There are some prize-winning books, which, to be honest, after reading, I haven’t felt any wiser as to why they received the accolades emblazoned on their covers. But it’s hard to miss what’s extraordinary about Tracy K. Smith’s Life on Mars. It blew me away with Big Bang impact. It’s clear why this book won the 2012 Pulitzer Prize: it’s brave; it’s visionary; it’s important.

The Pulitzer Prize for Poetry has been recognizing excellence in American verse since 1922, and as the latest recipient of the award, Smith joins a long list of the poetry elite, taking her place among names like Robert Frost, W.H. Auden, Sylvia Plath, and a league of other poetry legends.

Smith’s father worked as an engineer on the Hubble Space Telescope, and she says that in a way, Life on Mars is an extended elegy to him—‘he is only gone as far as we can tell’. But more than being a tribute to one man, the beauty of this book is that it serves as an elegy to all of mankind.

Life on Mars is divided into four parts. Part One asks big questions of life and God, and imagines dubious futures for the human race, while also recalling, with a sense of nostalgia, the carefree naiveté of the 20th Century. Part Two deals with the death of Smith’s father, and draws parallels between the mysteries of death and the vast eternity of outer space, as well as its potential to perhaps harbour other forms of life unknown to us, beyond the physicality of the body. Part Three turns its focus to Earth, and the darkness of certain aspects of society. And Part Four finds joy in the miracle of birth and humble everyday domestic activities, such as walking the dog and making love—tender, delicate moments that are at once meaningful and meagre against the grand backdrop of the universe.

Smith uses space as a metaphor to raise serious questions about human nature and our transient presence here on Earth. With political poems that highlight shocking atrocities such as gang rape, the Fritzl case, prisoner abuse by US military personnel in Iraq, and urban hate crime killings—this book is a call to action, rousing its readers to wrestle against complacency and speak out against the misguided motives and small-mindedness that sickens society.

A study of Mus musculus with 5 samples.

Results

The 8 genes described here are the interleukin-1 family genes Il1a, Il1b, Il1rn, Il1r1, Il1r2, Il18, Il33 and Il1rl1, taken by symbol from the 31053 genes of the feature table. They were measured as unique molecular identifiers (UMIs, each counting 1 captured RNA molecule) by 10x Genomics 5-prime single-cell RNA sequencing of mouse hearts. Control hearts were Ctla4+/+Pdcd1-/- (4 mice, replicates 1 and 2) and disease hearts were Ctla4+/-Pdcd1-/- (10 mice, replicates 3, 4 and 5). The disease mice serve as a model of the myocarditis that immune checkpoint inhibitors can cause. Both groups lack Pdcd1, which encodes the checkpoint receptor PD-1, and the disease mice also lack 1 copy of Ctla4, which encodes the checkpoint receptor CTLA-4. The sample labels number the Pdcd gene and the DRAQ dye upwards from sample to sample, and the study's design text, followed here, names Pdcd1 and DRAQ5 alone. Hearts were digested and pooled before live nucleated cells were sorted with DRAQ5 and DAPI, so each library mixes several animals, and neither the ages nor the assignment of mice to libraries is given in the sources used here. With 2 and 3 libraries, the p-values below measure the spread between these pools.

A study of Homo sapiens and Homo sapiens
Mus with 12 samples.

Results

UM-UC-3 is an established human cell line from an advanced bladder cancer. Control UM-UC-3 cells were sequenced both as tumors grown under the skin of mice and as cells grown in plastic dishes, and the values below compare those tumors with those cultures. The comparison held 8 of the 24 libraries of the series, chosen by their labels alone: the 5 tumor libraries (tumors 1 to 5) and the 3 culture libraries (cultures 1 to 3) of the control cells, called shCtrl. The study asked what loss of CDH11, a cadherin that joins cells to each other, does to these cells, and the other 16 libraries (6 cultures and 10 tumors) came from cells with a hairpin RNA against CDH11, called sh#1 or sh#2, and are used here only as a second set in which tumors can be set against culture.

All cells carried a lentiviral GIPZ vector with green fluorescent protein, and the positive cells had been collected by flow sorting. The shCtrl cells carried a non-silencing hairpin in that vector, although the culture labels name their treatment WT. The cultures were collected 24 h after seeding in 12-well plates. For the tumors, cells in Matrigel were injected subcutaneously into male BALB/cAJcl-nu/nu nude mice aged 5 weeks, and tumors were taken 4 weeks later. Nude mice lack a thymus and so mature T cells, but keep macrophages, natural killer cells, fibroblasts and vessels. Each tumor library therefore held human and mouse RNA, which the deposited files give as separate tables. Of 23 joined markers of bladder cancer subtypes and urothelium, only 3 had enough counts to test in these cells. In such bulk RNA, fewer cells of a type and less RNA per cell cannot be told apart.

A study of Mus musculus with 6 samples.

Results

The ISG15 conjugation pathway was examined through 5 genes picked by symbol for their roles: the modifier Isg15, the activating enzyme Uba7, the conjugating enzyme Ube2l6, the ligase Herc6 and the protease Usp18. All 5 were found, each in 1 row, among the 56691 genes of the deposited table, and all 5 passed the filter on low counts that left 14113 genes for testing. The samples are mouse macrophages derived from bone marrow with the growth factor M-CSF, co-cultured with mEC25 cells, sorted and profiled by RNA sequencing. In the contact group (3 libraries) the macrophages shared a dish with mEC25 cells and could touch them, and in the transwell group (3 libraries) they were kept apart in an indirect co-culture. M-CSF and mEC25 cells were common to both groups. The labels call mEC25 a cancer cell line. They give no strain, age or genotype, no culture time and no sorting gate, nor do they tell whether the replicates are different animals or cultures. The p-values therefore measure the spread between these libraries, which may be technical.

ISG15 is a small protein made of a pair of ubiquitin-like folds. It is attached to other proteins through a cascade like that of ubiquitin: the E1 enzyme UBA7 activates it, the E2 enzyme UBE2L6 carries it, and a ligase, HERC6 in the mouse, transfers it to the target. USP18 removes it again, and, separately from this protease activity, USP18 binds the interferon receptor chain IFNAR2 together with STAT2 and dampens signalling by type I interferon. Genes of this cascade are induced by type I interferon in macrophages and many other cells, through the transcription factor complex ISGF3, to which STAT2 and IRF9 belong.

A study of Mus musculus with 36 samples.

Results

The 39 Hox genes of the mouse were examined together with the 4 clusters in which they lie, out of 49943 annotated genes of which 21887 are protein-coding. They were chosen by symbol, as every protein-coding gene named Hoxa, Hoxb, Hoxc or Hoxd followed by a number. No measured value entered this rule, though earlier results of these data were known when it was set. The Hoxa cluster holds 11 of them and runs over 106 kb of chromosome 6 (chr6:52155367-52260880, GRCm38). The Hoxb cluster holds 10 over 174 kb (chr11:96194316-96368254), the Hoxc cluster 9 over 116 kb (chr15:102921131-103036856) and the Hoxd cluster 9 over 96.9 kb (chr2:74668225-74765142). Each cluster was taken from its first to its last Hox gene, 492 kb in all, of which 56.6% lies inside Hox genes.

You get used to doing nothing pretty quickly. Fish on Friday.
Biscuits-n-gravy. It’s a sin to live behind curtains.
Pick up your bed and walk. Memory’s stubborn—
I mean misery. You sit in silence waiting to be chosen.
Behaving. Pick up your bed and walk. You want it all
Over again. Past Perfect. But go back and they make you
Start from the beginning. Climb out, they put you right back in.
You lie there kicking like a baby, waiting for God himself
To lift you past the rungs of your crib. What
Would your life say if it could talk?

 

This book reminds us that we are part of something much larger than ourselves, and with that realization, comes responsibility.

I was particularly moved by one section of a larger poem, which included postcards from people who had been killed, addressing their assailants from the afterlife. Smith wrote one of these from the perspective of Omar Edwards, an armed, off-duty black police officer, who was mistaken for a criminal and shot dead by white NYPD officer Andrew Dunton in 2009.

 

Dear Andrew,

I’m still here. I don’t think of you often, but when I do, I think you must
look at people slowly, spinning through versions of their lives before
you speak. I think you must wonder what’s under their coats, in their fists,
what words sit warming in their throats. I think you feel humble, human.
I hardly think of you, but when I do, it’s usually that.

    Yours,
                                           Omar
                                           Harlem, USA

 

Personally, I think Tracy K. Smith is an extraordinary woman, who exhibits tremendous empathy, intelligence, and passion, both in her poetry and general life philosophy. There is an amazing online archive of American stories at MAKERS.com—a video initiative dedicated to “trailblazing women—both known and unknown” who have fought for something bigger than themselves and changed the world. It’s an incredibly inspiring website and I highly recommend it. You can view Smith’s featured videos on MAKERS.com here.

Life on Mars points its ‘oracle eye’ to the outskirts of space and back again—bearing witness to the miracle of existence and the disturbing ‘dark matter’ of contemporary society. Ultimately, the poetry in Life on Mars seems altogether too expansive to exist within such a slim volume—the book becomes its own universe, and the words on each page burn with the intensity and brilliance of stars.

 

Life on Mars is published by Graywolf Press.

Bronwyn Lovell is an emerging poet living in Melbourne. Her poetry has been published in Antipodes, Cordite Poetry Review and the Global Poetry Anthology. She was shortlisted for the 2011 Montreal International Poetry Prize.